Today in Apple history: Apple moves into Bandley 1, its first custom HQ


Bandley 1 was Apple's first purpose-built HQ.
Bandley 1 was Apple's first purpose-built HQ.
Photo: Dvorak

Jan 28: Today in Apple history: Apple moves into Bandley 1, its first custom HQ January 28, 1978: Apple Computer occupies its first custom-built office, giving the company a bespoke business center to house its growing operations.

A full 15 years before One Infinite Loop, and almost 40 before Apple Park’s stunning “spaceship” landed, 10260 Bandley Drive — aka “Bandley 1” — becomes the first purpose-built, permanent headquarters for the newly founded company.

According to Silicon Valley folklore, Apple’s first headquarters sprang up in Steve Jobs’ parents garage. However, Apple co-founder Steve Wozniak says very little work actually occurred at that legendary location.

“We did no designs there, no breadboarding, no prototyping, no planning of products. We did no manufacturing there,” he once said. “The garage didn’t serve much purpose, except it was something for us to feel was our home.”

After outgrowing the garage, and officially forming as a company, Apple moved to 20863 Stevens Creek Boulevard, nicknamed the “Good Earth” building. Finally, in early 1978 — a year after launching the Apple II — the company moved into its first custom-built headquarters on Bandley Drive in Cupertino.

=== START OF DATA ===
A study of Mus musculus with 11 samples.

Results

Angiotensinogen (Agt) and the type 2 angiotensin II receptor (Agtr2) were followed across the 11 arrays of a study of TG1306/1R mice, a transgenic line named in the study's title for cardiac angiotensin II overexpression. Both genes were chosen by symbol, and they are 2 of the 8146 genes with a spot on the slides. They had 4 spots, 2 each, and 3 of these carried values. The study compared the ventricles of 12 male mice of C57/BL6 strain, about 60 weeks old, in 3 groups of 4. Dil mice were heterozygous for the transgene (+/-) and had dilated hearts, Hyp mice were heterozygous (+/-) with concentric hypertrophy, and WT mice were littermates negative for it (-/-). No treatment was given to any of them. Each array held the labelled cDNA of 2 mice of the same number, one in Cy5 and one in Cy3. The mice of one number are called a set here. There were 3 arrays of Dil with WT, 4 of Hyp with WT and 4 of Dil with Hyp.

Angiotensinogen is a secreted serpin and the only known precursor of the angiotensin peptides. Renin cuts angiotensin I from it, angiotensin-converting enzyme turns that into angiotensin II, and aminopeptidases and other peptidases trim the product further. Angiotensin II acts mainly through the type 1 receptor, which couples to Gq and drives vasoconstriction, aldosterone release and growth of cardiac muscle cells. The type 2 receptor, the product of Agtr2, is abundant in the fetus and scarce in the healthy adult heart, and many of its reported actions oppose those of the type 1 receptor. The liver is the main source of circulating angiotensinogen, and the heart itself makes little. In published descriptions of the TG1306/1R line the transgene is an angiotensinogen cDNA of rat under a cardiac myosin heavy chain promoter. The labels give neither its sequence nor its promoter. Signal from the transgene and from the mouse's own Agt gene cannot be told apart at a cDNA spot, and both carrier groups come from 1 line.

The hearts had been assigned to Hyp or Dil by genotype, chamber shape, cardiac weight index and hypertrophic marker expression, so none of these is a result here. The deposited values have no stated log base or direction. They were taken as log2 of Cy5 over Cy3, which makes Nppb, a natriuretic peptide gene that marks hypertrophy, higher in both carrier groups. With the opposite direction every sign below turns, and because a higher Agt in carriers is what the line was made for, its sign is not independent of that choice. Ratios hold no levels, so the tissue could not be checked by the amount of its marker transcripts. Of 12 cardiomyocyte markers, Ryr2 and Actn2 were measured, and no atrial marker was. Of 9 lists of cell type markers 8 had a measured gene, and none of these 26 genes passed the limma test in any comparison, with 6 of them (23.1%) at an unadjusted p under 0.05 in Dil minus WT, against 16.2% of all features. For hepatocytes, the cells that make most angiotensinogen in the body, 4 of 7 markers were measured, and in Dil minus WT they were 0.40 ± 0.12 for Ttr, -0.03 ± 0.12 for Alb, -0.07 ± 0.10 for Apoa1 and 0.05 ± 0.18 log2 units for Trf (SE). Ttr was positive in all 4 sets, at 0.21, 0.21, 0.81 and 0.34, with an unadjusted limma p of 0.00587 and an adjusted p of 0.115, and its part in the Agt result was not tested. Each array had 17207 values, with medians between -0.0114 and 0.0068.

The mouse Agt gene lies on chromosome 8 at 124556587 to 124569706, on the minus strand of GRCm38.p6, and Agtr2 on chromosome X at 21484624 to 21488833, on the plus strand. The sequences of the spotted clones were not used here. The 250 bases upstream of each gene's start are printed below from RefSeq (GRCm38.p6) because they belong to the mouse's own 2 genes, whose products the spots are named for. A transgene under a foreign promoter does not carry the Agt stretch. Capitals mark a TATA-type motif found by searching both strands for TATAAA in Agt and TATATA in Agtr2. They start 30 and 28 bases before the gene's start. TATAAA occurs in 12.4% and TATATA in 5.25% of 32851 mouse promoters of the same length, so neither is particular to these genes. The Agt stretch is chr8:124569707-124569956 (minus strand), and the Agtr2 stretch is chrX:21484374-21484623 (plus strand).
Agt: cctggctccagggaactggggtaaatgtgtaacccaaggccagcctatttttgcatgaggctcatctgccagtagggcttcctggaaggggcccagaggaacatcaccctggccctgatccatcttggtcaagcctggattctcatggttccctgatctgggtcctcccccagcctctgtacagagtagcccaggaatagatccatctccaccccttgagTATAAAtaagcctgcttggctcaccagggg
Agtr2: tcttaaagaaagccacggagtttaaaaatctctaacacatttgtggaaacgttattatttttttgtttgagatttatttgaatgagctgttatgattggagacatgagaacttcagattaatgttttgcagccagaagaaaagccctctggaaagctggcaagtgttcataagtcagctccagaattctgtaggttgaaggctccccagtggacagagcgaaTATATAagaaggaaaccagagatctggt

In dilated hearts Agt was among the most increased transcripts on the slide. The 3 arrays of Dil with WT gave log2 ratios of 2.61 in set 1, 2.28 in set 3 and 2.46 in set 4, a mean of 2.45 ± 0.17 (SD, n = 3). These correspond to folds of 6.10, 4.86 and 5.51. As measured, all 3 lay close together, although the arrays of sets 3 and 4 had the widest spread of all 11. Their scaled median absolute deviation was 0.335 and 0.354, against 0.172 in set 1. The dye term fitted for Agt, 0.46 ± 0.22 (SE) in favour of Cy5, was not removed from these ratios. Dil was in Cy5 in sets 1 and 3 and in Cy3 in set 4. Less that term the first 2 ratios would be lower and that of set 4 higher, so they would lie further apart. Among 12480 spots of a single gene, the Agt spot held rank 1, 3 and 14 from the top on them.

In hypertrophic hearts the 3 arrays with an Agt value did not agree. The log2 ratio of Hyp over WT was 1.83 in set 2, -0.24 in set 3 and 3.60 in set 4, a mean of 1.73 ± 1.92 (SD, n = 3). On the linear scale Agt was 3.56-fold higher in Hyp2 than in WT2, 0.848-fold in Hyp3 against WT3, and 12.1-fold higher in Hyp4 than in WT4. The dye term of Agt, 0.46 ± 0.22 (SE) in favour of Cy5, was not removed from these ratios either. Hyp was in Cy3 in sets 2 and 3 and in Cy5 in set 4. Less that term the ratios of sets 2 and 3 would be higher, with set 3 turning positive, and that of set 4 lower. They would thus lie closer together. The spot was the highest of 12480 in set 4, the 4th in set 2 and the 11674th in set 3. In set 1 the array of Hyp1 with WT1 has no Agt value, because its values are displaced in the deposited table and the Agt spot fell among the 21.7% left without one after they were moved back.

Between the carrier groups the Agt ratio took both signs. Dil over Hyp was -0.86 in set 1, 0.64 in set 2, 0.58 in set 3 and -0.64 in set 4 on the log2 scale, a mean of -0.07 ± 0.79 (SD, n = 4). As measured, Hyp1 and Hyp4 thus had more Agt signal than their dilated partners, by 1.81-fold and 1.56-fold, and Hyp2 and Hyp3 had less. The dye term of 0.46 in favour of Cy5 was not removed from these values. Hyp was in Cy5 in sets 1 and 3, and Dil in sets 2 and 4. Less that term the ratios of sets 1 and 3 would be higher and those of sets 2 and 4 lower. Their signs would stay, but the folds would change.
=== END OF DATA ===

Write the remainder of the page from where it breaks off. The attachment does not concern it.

Inside Bandley 1, Apple’s first custom-built HQ

The layout of Apple's Bandley 1 office
The layout of Apple’s Bandley 1 office.
Photo: Chris Espinosa

As you can see in the above image, sketched in January 1978 by Chris Espinosa (now Apple’s longest-serving employee), the building consisted of four quadrants: marketing/admin, engineering, manufacturing and a large, empty space with no official use, at least initially. “Tennis courts?” Espinosa jokingly wrote on the layout. Later, it became Apple’s first warehouse. (The company eventually leased a building across the street, and a second next door, to grow into.)

The “Advent” room shown on the diagram was a demo space. It housed a state-of-the-art $3,000 projection TV to dazzle visitors. Jobs reportedly got his own office because nobody wanted to share one with him. Mike Markkula, a crucial figure in early Apple history, landed his own because he smoked at work.

Spanish architecture influenced the design of Bandley 1. Today the structure mostly resembles a drab 1970s office — which is exactly what it was.

Apple’s Bandley headquarters ultimately grew to include Bandley 2, 3, 4, 5 and 6. Confusingly, Apple did not name these buildings according to their locations. Instead, the company named them in the order it acquired them. Bandley 2, for example, sat between Bandley 4 and Bandley 5.

According to the website AppleWorld, today the Bandley buildings house a law office, the United Systems Technology computer store, and the Cupertino Driving School.